Nearly three-quarters of U.S. voters say democracy is under threat in the wake of a deadly mob attack on the U.S. Capitol, according to a new poll by Quinnipiac University.
The national poll of registered U.S. voters released Monday found that large numbers of both Republican and Democratic voters believed that democracy is under threat, at 77% and 76% respectively. Independents were slightly less inclined to agree at 70%.
A majority of voters, 56%, said they held U.S. President Donald Trump responsible for the storming of the U.S. Capitol last week, while 42% said they did not hold him responsible.
Trump urged thousands of his supporters to march to the Capitol during a January 6 rally near the White House where, as he had for weeks, he leveled unfounded accusations that he was cheated out of reelection. After his supporters stormed the Capitol, Trump tweeted for them to “stay peaceful” and “support our Capitol Police and Law Enforcement” but also told them in a video, "We love you, you're very special."
A majority of voters, 52% to 45%, said Trump should be removed from office before he leaves the White House on January 20. However, when broken down by party, the overwhelming majority of Republicans, 87%, thought Trump should not be removed from office, while the overwhelming majority of Democrats, 89%, believed he should. Independents were more evenly split, with 55% favoring removal, and 43% against it.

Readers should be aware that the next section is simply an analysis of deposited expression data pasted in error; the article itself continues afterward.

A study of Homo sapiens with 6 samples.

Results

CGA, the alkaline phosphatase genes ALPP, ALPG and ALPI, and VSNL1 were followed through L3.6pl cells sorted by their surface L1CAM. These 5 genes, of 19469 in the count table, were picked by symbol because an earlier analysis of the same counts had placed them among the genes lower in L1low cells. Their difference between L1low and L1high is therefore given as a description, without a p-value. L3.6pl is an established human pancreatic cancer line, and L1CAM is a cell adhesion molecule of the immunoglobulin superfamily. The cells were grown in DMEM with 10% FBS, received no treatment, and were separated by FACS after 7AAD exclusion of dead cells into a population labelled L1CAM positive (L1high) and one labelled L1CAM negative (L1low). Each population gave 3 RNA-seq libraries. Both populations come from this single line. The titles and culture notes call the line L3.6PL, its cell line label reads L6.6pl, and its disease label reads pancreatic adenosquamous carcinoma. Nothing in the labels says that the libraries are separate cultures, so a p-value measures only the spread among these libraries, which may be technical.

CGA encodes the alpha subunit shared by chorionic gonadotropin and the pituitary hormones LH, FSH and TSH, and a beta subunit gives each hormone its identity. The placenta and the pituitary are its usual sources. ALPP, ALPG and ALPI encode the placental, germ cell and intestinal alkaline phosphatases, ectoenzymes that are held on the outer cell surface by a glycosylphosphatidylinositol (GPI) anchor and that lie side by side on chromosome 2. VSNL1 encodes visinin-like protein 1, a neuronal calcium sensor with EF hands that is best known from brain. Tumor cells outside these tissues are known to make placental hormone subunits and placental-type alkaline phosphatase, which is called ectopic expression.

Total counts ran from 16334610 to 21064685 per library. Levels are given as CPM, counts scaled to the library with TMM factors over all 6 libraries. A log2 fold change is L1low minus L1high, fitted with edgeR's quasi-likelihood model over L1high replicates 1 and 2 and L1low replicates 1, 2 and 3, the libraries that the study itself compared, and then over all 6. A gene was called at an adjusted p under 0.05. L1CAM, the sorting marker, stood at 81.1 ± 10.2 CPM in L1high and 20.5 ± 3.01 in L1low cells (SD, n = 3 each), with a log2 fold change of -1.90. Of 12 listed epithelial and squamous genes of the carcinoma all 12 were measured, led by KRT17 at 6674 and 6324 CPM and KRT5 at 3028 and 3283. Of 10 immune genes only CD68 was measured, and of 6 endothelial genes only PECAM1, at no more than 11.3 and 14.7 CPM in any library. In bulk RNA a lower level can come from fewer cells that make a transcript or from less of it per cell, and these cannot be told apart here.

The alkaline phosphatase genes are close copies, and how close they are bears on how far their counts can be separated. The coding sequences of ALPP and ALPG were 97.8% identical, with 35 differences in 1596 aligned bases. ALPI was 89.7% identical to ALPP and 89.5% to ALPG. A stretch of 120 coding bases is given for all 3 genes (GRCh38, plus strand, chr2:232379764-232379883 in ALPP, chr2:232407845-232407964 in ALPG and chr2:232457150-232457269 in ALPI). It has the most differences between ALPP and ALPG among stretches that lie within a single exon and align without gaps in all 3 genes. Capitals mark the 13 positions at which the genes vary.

Voters were also split by party on whether or not there was widespread voter fraud in the 2020 presidential election, as Trump has claimed. Republicans said 73% to 21% that there was widespread voter fraud, while Democrats said 93% to 5% that there was not. Independents said 60% to 30% that they do not believe there was widespread voter fraud.
Voters were split on whether they considered the storming of the Capitol an attempted coup. Forty-seven percent said they thought it was a coup attempt, 43% said they did not, and another 10% were not sure.
On several questions, voters were nearly united, including on the view that the individuals who stormed the Capitol should be held accountable, with 91% of respondents agreeing.
Voters also widely agreed, 81% to 12%, that extremism is a big problem in the United States.
“There’s no ambivalence on how to treat the mobs that breached the Capitol, and there is nearly the same level of alarm from Republicans and Democrats over extremism establishing a troubling foothold,” said Quinnipiac University polling analyst Tim Malloy in a press release.
Looking ahead to the presidency of President-elect Joe Biden, only 31% of voters believe Biden will be able to unite the country while 56% said they expect partisan divisions to remain the same as they are now. Fourteen percent said they were not sure.
The poll surveyed 1,239 registered voters nationwide from January 7 to 10.